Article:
IAEA: Japan nuclear regulation should improve skills, law

TOKYO (AP) — A team of experts from the International Atomic Energy Agency says Japan's nuclear safety regulation has improved since the 2011 Fukushima disaster, but it still needs to strengthen inspections and staff competency. It's the first IAEA review for the authority since it was...

 
              Philippe Jamet, left, commissioner of France Nuclear Safety Authority (ASN) and Integrated Regulatory Review Service (IRRS) mission team leader and Japan's Nuclear Regulation Authority Chairman Shunichi Tanaka attend a press conference in Tokyo, Friday, Jan. 22, 2016. A team of experts from the International Atomic Energy Agency says Japan’s nuclear safety regulation has improved since the 2011 Fukushima disaster, but it still needs to strengthen inspections and staff competency. (AP Photo/Eugene Hoshiko)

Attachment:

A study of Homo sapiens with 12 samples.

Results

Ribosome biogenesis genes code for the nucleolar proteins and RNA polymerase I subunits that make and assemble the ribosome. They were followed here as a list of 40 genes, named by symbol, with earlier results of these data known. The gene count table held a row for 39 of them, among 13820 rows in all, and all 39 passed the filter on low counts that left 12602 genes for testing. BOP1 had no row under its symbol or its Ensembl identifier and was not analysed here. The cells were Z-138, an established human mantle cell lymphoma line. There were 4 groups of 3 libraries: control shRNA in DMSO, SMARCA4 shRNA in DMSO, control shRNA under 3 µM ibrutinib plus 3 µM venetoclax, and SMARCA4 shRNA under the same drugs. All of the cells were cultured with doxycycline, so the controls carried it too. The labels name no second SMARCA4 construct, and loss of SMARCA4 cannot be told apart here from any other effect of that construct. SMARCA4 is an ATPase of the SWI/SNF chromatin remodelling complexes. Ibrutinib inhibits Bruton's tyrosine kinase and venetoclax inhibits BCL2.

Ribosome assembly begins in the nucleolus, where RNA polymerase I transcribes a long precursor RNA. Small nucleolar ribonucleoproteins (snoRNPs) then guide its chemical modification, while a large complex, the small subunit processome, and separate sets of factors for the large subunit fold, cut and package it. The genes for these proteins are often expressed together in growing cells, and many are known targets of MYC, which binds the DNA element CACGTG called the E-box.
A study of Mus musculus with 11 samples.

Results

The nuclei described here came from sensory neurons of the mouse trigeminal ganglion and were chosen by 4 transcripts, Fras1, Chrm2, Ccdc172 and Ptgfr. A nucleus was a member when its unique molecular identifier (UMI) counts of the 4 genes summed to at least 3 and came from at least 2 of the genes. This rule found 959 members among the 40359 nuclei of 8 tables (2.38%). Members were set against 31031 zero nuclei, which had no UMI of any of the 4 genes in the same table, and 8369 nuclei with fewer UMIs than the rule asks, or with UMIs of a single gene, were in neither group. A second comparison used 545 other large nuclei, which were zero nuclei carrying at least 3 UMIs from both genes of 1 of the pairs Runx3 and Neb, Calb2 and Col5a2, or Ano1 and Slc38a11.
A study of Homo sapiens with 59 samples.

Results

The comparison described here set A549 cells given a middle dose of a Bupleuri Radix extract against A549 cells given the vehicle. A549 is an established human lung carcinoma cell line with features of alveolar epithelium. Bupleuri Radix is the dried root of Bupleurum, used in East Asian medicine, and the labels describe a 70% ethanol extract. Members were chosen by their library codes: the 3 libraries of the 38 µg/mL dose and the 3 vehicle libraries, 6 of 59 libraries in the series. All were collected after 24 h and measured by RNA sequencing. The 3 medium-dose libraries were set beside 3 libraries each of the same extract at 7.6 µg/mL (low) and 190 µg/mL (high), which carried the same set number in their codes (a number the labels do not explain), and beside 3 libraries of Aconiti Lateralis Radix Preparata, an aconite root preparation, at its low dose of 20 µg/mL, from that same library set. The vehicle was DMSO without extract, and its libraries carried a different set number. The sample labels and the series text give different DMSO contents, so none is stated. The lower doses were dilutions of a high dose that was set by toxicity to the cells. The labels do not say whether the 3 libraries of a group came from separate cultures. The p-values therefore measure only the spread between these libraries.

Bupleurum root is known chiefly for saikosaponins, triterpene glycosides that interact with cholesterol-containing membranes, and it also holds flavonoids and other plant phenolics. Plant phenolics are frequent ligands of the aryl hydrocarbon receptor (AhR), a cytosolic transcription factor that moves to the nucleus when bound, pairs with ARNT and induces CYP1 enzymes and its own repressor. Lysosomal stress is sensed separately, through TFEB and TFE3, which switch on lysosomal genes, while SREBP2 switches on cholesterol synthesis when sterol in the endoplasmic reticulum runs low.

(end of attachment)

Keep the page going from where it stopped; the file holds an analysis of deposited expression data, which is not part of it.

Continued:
TOKYO (AP) — A team of experts from the International Atomic Energy Agency says Japan's nuclear safety regulation has improved since the 2011 Fukushima disaster, but it still needs to strengthen inspections and staff competency.

It's the first IAEA review for the authority since it was established in 2012. Japan adopted stricter safety requirement for plant operators, but the law stipulating on-site inspections has remained unchanged.

The 17-member team, which concluded a 12-day inspection that included the wrecked Fukushima plant, said Friday that Japan's regulatory body demonstrated independence and transparency — crucial elements lacking before the disaster, when a separate agency was in charge.

The team urged the Nuclear Regulation Authority to enhance inspection competence and Japan's government to amend its nuclear safety law to make on-site safety checks more effective and flexible.